Okay, so right off the bat I will say that this was not my best week of doing the Dollar Diet.
I spent more than I intended on transport and incidentals while I was in Adelaide.
Upon arrival I discovered that both ear pieces on my sunglasses had snapped off in my bag. I never leave home without my sunglasses (the sun in NZ is very harsh on eyes) so I had to buy a new pair. They cost about $25, but still, I was really irritated that my old pair got so damaged in my hand luggage. I had also planned to catch the bus to my hotel, but I was so knackered when I finally got to Adelaide (at 11:30pm NZ time, having left home at 10am) that I caught a taxi instead. Fortunately I knew that the airport is only 8km from the city centre so the ride only cost me $25. But by now, I have spent $50 more than I would have liked.
I had to go with the flow in terms of where we ate, but none of us have expensive tastes. I think the dearest meal I paid for cost $30 which included drinks. I bought small gifts for the babysitters who helped looked after my children while I was away, and very inexpensive gifts for D and the kids. I found it impossible not to do gifts. Gift-giving is an integral part of who I am, plus it feels like good manners to give a gift to someone who has done something nice for you (like babysitting or feeding your cat) while you swan off on holiday. Having a little something to give D and the kids just says ‘See? I thought of you while I was away’. I probably get this from my parents, who are wonderfully generous gift-givers, and I don’t know that I could ever bring myself to stop the practice. The most expensive gift I bought was a toy Kangaroo (complete with joey) for Sausage which cost $9.50, so I don’t think I did too badly.
And for myself: I bought two items that I have been looking for for a really, really long time. I got a pair of bike shorts for $6; and a salad spinner for $3.50 from IKEA. So I broke my no clothing rule for this year, but considering I have been trying to find a decent pair of bike shorts that don’t cost a packet in what feels like forever, I don’t care (because clothing manufacturers seem to think that plus size people don’t exercise…). Ditto for the salad spinner! I have been scouring secondhand stores for well over a year now, as I thought it was the kind of kitchen implement people buy and then never use – but I never found one. I have salad almost every day so I knew I would get good use out of one and had resigned myself to putting up with soggy lettuce (oh the trauma!), because I refuse to pay $20 for what is essentially a plastic bowl. (Seriously, that is how much they retail for here in New Zealand. Outrageous, right?) My glee at finding a cheap salad spinner at IKEA is still giving me a warm glow.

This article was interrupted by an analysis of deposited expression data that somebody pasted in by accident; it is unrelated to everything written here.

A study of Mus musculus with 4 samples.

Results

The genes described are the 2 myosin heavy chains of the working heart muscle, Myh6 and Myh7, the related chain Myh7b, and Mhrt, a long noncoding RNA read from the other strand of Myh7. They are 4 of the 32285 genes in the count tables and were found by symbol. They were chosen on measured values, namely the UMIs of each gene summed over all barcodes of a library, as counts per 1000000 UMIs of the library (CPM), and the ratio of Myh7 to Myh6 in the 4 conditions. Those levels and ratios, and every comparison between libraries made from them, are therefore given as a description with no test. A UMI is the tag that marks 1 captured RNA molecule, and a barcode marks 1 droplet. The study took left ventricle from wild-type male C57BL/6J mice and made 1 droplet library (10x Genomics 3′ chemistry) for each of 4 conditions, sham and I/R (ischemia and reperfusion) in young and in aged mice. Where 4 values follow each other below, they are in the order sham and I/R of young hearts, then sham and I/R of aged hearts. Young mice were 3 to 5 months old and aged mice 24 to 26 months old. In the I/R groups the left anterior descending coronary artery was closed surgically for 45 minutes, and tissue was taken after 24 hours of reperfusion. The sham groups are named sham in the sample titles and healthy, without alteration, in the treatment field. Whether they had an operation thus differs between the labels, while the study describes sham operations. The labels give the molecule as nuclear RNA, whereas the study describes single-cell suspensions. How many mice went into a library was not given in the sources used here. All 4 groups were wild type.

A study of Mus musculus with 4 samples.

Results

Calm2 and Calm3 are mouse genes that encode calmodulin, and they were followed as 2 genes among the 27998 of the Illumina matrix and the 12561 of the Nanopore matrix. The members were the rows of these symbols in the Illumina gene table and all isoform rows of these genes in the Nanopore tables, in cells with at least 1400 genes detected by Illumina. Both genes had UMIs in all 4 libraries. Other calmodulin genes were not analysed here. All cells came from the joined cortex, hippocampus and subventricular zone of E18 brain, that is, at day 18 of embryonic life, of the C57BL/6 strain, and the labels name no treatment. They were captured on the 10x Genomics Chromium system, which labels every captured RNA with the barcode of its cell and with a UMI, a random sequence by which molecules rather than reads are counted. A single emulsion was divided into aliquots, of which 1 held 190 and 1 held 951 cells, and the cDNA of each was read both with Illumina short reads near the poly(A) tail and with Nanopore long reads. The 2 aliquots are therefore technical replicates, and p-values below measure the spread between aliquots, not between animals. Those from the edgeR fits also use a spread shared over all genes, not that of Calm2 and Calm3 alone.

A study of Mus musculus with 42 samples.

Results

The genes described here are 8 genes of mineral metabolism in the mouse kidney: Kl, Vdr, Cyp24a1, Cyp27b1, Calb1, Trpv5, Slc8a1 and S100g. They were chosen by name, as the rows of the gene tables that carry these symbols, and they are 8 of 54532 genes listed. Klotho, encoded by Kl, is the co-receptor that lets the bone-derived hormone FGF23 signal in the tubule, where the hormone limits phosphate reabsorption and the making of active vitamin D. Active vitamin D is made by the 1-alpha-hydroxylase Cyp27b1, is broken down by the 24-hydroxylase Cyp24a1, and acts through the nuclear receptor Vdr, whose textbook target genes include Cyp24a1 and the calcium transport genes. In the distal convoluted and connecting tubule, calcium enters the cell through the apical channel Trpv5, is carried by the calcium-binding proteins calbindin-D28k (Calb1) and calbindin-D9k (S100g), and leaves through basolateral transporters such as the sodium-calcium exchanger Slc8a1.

I haven’t worked out exactly how much I spent during my time in Adelaide, but I do know that I spent far, far less than I usually do on holidays.
I saved money by driving from Whanganui to Wellington (2 1/2 hours) rather than taking flights there and back. Driving meant I got home at 3am, but the money saved was worth a bit of lost sleep.
I caught the bus back to Adelaide airport instead of the taxi ($5.10) and we caught a bus out to the lovely village of Hahndorf ($13 return) – my friends and I are all seasoned travellers so catching buses in a strange place isn’t daunting to us at all. We went to the South Australia museum (free) and attended Adelaide’s Blinc Festival down on the waterfront (free). I normally hit the shops when I am overseas and it felt very strange not to do that. Part of me was quite put out by it! But I sat with my feeling of disappointment, and was helped along by the fact that shopping in Australia is nowhere near as exciting as it used to be, as we have many of the same shops here in NZ (don’t get me started about these big multinational chains!). Until now, I had no idea that shopping was so integral to my idea of having a good time while on holiday. Ridiculous really when you think about it.
I also often take in a show or play whenever I am in a large city, but the Blinc festival filled that gap nicely – and the time difference meant I was ready for bed early anyway.
On my last morning in Adelaide I’d planned to hit a museum or two but unfortunately they didn’t open until midday. My friend J and I then decided to visit IKEA which is just over the road from the airport instead. Totally random I know, but we don’t have IKEA in New Zealand so my friend and I had loads of fun reminiscing about all the times we’d walked out of IKEA in England with silly things we didn’t need, like star-shaped ice cube trays. You might think that going to IKEA was just asking for trouble, but we had a blast and I only walked out with one item that cost $3.50. We were unable to resist the lure of their famous meatballs, and even though it was totally un-Trim Healthy Mama, their $8.35 lunch kept me sated for the entirety of my long journey home.
So not my best Dollar Diet week, but definitely one of the cheapest holidays I have ever had.
In non-overseas trip news, D broke his debit card and had lost his EFTPOS card several weeks ago. When told a replacement card would cost $15, he remembered he had yet another debit card for a different account and got his accounts reassigned onto this one remaining card for free, rather than get a replacement. How very Dollar Diet.